McConnell open to bill to prevent future shutdowns

Senate Majority Leader Mitch McConnellAddison (Mitch) Mitchell McConnellPelosi, Schumer press for gun screenings as Trump inches away The malware election: Returning to paper ballots only way to prevent hacking First House Republican backs bill banning assault weapons MORE (R-Ky.) said on Tuesday that he is open to legislation that would prevent future government shutdowns. 

"I don't like shutdowns. I don't think they work for anybody and I hope they will be avoided. I'd be open to anything that we could agree on on a bipartisan basis that would make them pretty hard to occur again," McConnell told reporters less than a week after the last partial shutdown ended. 


A growing number of senators say they would support legislation that would prevent future government shutdowns by automatically creating a continuing resolution (CR). But there are competing proposals in the Senate, with Sens. Rob PortmanRobert (Rob) Jones PortmanSchumer blasts 'red flag' gun legislation as 'ineffective cop out' McConnell faces pressure to bring Senate back for gun legislation Shaken Portman urges support for 'red flag' laws after Ohio shooting MORE (R-Ohio) and Mark WarnerMark Robert WarnerFacebook users in lawsuit say company failed to warn them of known risks before 2018 breach New intel chief inherits host of challenges Overnight Defense: US, Russia tensions grow over nuclear arms | Highlights from Esper's Asia trip | Trump strikes neutral tone on Hong Kong protests | General orders ethics review of special forces MORE (D-Va.) both introducing legislation.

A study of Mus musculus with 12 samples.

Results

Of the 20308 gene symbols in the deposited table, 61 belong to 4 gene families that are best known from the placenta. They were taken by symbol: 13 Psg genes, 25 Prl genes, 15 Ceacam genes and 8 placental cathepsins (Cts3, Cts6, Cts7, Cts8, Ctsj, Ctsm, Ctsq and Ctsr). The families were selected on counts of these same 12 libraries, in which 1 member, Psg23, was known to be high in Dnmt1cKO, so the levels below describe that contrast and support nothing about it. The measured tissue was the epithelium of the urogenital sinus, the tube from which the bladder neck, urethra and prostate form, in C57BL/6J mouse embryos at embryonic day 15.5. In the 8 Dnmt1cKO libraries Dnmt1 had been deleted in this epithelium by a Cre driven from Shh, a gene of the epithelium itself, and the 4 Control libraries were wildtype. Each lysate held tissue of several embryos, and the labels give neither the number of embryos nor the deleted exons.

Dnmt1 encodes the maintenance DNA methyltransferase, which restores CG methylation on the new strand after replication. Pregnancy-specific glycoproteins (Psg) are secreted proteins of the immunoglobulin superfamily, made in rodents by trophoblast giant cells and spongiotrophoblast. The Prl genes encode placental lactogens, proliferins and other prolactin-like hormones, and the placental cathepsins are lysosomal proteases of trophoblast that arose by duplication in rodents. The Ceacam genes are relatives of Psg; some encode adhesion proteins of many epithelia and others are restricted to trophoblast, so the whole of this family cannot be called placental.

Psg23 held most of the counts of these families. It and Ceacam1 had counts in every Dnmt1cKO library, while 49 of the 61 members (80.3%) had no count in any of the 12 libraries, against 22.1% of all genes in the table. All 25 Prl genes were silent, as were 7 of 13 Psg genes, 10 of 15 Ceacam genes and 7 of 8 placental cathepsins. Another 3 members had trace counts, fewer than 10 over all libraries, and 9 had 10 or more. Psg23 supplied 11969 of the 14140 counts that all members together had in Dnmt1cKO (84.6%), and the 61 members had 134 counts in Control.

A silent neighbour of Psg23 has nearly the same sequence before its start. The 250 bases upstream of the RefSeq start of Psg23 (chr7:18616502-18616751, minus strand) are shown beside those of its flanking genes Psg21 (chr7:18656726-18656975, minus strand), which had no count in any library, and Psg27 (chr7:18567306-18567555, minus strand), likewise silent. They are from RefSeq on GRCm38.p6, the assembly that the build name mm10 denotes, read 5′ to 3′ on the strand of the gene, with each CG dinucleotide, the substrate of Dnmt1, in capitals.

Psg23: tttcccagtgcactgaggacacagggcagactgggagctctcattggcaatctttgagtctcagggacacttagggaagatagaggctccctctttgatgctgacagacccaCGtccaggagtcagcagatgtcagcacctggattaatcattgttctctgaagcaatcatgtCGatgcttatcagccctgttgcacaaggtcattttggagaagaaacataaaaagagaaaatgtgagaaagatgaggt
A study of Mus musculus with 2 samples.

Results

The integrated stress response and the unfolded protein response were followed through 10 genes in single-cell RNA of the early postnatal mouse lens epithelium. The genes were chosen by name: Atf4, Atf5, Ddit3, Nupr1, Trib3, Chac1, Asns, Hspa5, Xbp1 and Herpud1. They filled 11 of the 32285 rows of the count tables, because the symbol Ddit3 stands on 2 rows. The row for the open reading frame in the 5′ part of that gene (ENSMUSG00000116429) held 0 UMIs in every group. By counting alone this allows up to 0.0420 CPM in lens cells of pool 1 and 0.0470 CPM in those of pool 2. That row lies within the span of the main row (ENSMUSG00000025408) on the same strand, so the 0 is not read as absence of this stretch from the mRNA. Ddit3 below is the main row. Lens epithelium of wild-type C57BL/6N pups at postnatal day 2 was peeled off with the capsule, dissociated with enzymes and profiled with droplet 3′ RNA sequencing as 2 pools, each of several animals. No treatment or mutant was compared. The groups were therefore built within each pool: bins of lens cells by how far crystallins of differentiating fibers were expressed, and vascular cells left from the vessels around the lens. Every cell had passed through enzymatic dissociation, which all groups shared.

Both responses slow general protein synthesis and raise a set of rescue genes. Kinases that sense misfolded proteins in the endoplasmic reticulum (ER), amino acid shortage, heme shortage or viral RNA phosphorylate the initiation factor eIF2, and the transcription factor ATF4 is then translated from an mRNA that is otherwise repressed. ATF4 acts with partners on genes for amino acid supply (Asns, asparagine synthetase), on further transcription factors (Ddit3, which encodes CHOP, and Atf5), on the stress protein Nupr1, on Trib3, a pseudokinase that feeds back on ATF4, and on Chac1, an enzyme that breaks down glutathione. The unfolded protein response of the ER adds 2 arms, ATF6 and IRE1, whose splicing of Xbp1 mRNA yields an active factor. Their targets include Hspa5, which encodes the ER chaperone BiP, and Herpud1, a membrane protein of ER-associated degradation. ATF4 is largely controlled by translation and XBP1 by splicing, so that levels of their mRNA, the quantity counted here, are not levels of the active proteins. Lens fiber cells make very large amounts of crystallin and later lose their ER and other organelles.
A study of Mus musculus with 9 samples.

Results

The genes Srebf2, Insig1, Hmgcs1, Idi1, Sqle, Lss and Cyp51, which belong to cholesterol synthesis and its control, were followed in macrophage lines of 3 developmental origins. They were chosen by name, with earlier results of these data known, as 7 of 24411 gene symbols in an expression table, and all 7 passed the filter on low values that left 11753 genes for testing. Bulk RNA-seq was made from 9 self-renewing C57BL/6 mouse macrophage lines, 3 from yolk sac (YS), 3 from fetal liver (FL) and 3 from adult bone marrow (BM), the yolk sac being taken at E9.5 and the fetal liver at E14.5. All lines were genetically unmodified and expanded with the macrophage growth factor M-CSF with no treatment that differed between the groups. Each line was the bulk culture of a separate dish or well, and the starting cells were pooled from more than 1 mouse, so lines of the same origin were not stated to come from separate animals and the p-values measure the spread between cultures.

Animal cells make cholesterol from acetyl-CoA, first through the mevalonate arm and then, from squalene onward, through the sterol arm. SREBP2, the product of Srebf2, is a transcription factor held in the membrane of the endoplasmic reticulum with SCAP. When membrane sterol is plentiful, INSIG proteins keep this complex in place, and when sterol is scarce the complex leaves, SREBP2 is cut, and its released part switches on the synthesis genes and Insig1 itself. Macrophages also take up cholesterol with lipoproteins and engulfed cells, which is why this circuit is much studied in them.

Portman's proposal would reduce funding by 1 percent after 120 days and again every subsequent 90 days if lawmakers haven’t reached a deal. Warner's would withhold funding for the legislative branch and the Executive Office of the President in an attempt to motivate lawmakers to negotiate.

Congress faces another deadline to prevent a partial shutdown on Feb. 15. The 35-day funding lapse, which ended on Friday, was the longest in U.S. history and sparked considerable frustration on Capitol Hill. 

But the idea of automatically creating a CR ran into backlash from prominent House Democrats on Tuesday. 

House Majority Leader Steny HoyerSteny Hamilton HoyerOmar says US should reconsider aid to Israel Liberal Democrat eyes aid cuts to Israel after Omar, Tlaib denied entry Lawmakers blast Trump as Israel bars door to Tlaib and Omar MORE (D-Md.) told reporters that he was "reticent" about legislation that would take Congress out of the decisionmaking process.